This volunteer-assisted trout stocking will take place on the Delayed Harvest portion of the Chattahoochee at the Whitewater access point (1425 Indian Trail NW, Sandy Springs) off U.S. 41 near Cumberland Mall.

Delayed Harvest, as you’ll recall, is a special program under which certain streams in Georgia are managed for catch-and-release trout fishing during the colder months from Nov. 1 through May 14. Only artificial lures can be used, and all trout caught must be immediately released.

Why the call for volunteers? Georgia DNR does a great job of stocking our streams, but sometimes even they need a little help. At the Whitewater location, the challenge is that the stocking truck can’t get to the river. That’s where you and I come in as part of the “bucket brigade,” which totes the fish from the stocking truck to the water. It’s a lot of fun!

Here’s how it works. Volunteers arrive at the Whitewater parking area that morning with waders and five-gallon buckets. Parking space can be tight, and if you park along the road, be careful not to block the way in. Once parked, put on your waders and visit for a while with the many other like-minded volunteers who will also be there to help.

Then comes what one young stocking volunteer once called “the splashy fun part.”

About 10 a.m., plus or minus, the truck from the Buford Trout Hatchery will arrive. It’ll park at the far corner of the parking lot, close to the river. Then everybody gathers at the truck, five-gallon buckets in hand. The DNR folks quickly transfer trout from the truck to those buckets, and the volunteers (that’s you and me) then transport the trout from the truck to the river.

After putting that first bucket of trout into the river, it’s back to the truck for another load, and then another, until all of the fish have been relocated to their new home in the river.

Where should you put the trout once you have carried ‘em to the water? That’s up to you, and that’s part of the fun too. You’ll see folks releasing the fish in many different areas, and it’s great fun to imagine the trout that are then holding unseen in the flow, waiting to make some lucky fisherman’s day.

“Helping stock the Chattahoochee is a good way for the community to become involved in the river,” said Pat Snellings, fisheries biologist in charge of this part of the Chattahoochee.

And it really is a great family activity, he adds.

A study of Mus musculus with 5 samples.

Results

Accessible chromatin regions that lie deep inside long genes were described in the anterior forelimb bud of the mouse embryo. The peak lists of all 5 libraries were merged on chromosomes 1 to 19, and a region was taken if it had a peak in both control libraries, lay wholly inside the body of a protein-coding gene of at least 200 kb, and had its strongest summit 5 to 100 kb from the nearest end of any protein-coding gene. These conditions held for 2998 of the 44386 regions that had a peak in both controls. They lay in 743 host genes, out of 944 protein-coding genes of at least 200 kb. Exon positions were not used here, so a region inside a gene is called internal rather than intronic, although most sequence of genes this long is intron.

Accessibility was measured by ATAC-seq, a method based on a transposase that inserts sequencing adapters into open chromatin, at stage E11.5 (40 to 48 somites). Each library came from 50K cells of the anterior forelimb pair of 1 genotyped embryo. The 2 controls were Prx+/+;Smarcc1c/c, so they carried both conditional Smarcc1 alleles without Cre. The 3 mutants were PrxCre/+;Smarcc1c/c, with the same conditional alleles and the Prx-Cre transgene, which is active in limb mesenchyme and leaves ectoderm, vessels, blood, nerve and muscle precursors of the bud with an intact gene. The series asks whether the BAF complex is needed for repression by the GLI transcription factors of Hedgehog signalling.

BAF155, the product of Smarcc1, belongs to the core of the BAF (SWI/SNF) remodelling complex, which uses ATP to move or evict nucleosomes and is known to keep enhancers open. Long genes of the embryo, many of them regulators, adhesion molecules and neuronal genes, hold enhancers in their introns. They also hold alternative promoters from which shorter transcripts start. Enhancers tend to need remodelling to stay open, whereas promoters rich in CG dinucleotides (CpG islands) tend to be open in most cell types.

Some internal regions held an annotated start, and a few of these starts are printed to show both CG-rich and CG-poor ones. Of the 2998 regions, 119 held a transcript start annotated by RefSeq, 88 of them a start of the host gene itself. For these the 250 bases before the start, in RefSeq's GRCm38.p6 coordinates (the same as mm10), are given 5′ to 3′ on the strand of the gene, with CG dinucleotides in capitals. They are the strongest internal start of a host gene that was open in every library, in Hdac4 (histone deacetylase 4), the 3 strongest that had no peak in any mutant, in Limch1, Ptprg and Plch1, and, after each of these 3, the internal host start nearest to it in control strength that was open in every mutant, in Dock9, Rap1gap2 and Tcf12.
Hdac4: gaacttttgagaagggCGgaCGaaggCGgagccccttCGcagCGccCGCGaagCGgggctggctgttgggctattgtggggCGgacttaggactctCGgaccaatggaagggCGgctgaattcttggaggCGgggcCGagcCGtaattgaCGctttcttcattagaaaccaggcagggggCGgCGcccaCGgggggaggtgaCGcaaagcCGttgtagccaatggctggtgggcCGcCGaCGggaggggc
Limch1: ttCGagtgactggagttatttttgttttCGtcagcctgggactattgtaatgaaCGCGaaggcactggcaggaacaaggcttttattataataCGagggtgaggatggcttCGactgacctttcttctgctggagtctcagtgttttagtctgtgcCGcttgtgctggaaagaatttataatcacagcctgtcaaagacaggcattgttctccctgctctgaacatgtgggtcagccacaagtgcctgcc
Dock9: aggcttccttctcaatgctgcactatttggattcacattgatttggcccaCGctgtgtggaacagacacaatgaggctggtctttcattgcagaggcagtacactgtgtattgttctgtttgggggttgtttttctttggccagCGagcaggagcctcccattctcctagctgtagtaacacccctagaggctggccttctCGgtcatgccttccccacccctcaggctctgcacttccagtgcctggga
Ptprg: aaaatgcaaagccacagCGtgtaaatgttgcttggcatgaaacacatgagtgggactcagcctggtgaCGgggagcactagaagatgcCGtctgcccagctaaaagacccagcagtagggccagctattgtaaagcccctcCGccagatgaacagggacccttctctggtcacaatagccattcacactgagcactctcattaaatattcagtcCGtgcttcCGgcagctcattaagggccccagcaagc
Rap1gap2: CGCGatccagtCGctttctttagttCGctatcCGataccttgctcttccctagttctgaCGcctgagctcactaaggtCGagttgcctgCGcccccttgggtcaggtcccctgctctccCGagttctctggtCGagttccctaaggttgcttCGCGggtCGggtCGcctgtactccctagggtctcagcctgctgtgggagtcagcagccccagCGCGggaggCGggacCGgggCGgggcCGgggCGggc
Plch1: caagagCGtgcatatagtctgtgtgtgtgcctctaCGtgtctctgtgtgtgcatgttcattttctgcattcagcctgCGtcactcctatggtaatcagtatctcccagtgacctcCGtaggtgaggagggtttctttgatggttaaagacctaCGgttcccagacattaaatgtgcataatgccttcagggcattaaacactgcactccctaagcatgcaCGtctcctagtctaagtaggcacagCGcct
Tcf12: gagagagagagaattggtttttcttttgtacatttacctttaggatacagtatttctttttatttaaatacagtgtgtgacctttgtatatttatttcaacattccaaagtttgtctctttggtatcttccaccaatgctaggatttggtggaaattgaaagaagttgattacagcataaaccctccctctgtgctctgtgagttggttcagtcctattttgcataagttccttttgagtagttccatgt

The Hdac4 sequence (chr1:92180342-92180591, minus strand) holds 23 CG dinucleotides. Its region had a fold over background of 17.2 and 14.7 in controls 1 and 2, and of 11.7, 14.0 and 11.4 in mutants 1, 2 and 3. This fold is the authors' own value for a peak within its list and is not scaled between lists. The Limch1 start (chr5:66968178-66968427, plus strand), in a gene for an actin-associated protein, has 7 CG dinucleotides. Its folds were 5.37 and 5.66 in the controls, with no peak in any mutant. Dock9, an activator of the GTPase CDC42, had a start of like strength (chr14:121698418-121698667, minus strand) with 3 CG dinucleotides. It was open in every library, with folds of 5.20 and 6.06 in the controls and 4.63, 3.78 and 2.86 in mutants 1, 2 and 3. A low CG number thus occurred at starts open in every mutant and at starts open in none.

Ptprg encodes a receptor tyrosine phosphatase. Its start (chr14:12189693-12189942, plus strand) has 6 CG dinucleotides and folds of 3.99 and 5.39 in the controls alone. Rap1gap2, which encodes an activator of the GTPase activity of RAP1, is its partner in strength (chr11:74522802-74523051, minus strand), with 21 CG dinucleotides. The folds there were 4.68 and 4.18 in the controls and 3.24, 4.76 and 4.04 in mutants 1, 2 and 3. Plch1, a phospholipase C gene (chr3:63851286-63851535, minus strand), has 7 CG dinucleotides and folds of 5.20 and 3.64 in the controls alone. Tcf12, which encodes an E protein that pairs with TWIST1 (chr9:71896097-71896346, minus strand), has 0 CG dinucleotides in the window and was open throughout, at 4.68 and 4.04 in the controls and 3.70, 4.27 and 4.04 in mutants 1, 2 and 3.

“We encourage parents to bring their kids to help put the fish in the river and then stay and fish afterwards,” he said.

How many trout will be stocked?

“We have allocated about 1,000 fish for this stocking,” Snellings said, adding that the fish will be a mix of rainbow and brown trout.

The stocking itself is usually finished within a half hour or so. What happens then? Some, of course, have to pack up their waders and go back to work. But others get to stay and do a little catch-and-release trout fishing.

Right after one of these stocking events, in fact, is a great time to introduce new anglers (especially young people) to the fun that trout fishing can bring – and don’t worry if you’re new to trout fishing. There are usually plenty of experienced trout anglers there who will be glad to show you how it’s done.

In fact, that’s the part of volunteer stocking that I like best – just hanging around for a while and helping folks catch what is often their very first trout.

After one of the volunteer stockings last year, for instance, I remember visiting with a dad and his two young daughters and helping the kids catch their first trout. I’d hook the fish on my fly rod and then let one of the kids bring the fish in, always accompanied by much laughter and huge grins. It doesn’t get any better than that. I don’t know who had more fun that day – the little kids (them) or the big kid (me)!

Nov. 21 at Whitewater – mark your calendar. I hope to see you there!

If you’d like to participate in the Nov. 21 stocking event, you’ll need to sign a release form. You should be able to register online at gooutdoorsgeorgia.com, and there will be release forms available onsite too. If you plan to fish afterwards, remember that Delayed Harvest regulations (including catch-and-release, artificials-only, and singke-hook-lures only) apply.